When ATI released their Radeon 9700 Pro, NVIDIA found themselves behind the eight-ball for the first time in recent memory. The Radeon 9700 Pro blew off the barn doors with its high-end performance and next-generation features, and while the NVIDIA GeForce4 Ti line of products remain a best-seller, ATI had managed to leap-frog the competition with a truly innovative and compelling product.
Even before the release of the Radeon 9700 Pro, we knew NVIDIA was hard at work on their NV30 architecture, and that the playing field might be leveled in very short order. The NV30 looked like some serious hardware, and as such, it seemed to be a matter of time until NVIDIA offered up their version of next-gen 3D video hardware. That day has thankfully come to pass, and we can now outline the NV30 architecture, and state that NVIDIA has chosen a new brand name for their new chip: The GeForce FX.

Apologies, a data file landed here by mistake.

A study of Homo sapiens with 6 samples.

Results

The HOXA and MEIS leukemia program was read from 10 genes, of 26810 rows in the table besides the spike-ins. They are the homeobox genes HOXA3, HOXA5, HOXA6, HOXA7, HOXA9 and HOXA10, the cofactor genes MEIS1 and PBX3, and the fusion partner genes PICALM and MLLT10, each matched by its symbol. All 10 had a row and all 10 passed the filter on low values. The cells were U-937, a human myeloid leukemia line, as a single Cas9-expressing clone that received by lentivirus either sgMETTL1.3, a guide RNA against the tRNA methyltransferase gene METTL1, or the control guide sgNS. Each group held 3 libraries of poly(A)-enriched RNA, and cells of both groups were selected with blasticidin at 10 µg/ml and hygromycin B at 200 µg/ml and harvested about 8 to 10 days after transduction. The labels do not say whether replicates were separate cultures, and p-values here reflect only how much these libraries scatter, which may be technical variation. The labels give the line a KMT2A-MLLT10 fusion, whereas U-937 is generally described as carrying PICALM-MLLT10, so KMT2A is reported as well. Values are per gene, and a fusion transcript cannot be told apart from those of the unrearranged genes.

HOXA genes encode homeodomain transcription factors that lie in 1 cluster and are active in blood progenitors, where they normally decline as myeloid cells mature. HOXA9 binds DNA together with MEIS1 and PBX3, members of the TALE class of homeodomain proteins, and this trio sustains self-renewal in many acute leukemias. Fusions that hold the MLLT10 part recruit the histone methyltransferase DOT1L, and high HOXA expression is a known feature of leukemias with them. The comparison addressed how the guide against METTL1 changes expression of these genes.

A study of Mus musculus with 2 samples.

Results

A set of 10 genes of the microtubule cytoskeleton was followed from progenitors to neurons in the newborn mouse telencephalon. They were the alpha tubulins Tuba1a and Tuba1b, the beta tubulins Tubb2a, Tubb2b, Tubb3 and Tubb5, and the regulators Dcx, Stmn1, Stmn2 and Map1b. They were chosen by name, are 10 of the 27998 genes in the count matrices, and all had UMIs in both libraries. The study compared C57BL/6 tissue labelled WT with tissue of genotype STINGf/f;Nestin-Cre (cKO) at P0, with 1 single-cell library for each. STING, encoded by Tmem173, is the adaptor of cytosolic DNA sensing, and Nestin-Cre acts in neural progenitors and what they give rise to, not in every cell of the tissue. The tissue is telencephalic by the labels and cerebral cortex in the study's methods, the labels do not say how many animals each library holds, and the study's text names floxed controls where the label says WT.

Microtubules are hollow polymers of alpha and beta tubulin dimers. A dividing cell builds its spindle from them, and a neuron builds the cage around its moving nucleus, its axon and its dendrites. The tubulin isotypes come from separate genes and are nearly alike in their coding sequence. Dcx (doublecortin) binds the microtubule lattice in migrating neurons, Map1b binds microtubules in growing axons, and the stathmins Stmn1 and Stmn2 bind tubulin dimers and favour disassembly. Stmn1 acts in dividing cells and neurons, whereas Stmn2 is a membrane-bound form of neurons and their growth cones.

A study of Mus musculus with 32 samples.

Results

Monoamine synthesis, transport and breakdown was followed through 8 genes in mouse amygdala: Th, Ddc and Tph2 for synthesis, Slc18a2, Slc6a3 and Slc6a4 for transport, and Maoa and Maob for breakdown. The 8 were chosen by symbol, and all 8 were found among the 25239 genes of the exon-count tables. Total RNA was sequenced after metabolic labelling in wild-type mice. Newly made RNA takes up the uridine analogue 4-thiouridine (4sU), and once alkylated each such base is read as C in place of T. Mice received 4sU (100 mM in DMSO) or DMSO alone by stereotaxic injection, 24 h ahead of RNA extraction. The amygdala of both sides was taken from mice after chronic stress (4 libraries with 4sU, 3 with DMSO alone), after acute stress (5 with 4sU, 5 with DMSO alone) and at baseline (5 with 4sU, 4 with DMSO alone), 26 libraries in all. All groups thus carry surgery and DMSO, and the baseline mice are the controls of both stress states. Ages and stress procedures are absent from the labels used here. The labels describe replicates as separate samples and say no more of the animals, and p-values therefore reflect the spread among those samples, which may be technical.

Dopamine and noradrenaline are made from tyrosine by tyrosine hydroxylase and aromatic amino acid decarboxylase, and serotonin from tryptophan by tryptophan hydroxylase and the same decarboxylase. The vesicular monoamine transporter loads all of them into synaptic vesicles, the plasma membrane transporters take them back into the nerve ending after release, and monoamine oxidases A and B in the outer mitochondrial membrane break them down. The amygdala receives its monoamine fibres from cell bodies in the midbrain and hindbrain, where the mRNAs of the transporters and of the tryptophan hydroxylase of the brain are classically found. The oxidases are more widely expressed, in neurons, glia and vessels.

The name is quite a curious choice, as the absence of a numerical rating (as in GeForce2, 3 and 4) does cause your mind to inadvertently wander back in time to GeForce-256 days, but this consideration is secondary to card features and performance. The basic premise behind the GeForce FX technology is one of bridging the gap between film and real-time rendering capabilities. If you've seen any of the computer animated flicks like Monsters Inc., Final Fantasy or Ice Age, then it's pretty easy to visualize what we're referring to. When transitioning this type of visual detail to a graphics processor, it requires a great deal more horsepower and features. .
At least from the NVIDIA point of view, these requirements include advanced programmability, high-precision color, a high-level shading language, and a highly efficient and powerful architecture, and translates into a serious jump in overall GPU power and features. It's here that the GeForce FX makes it case, as the world's most programmable, precise and powerful GPU. Now these are some pretty impressive words, but the GeForce FX does back them up quite nicely.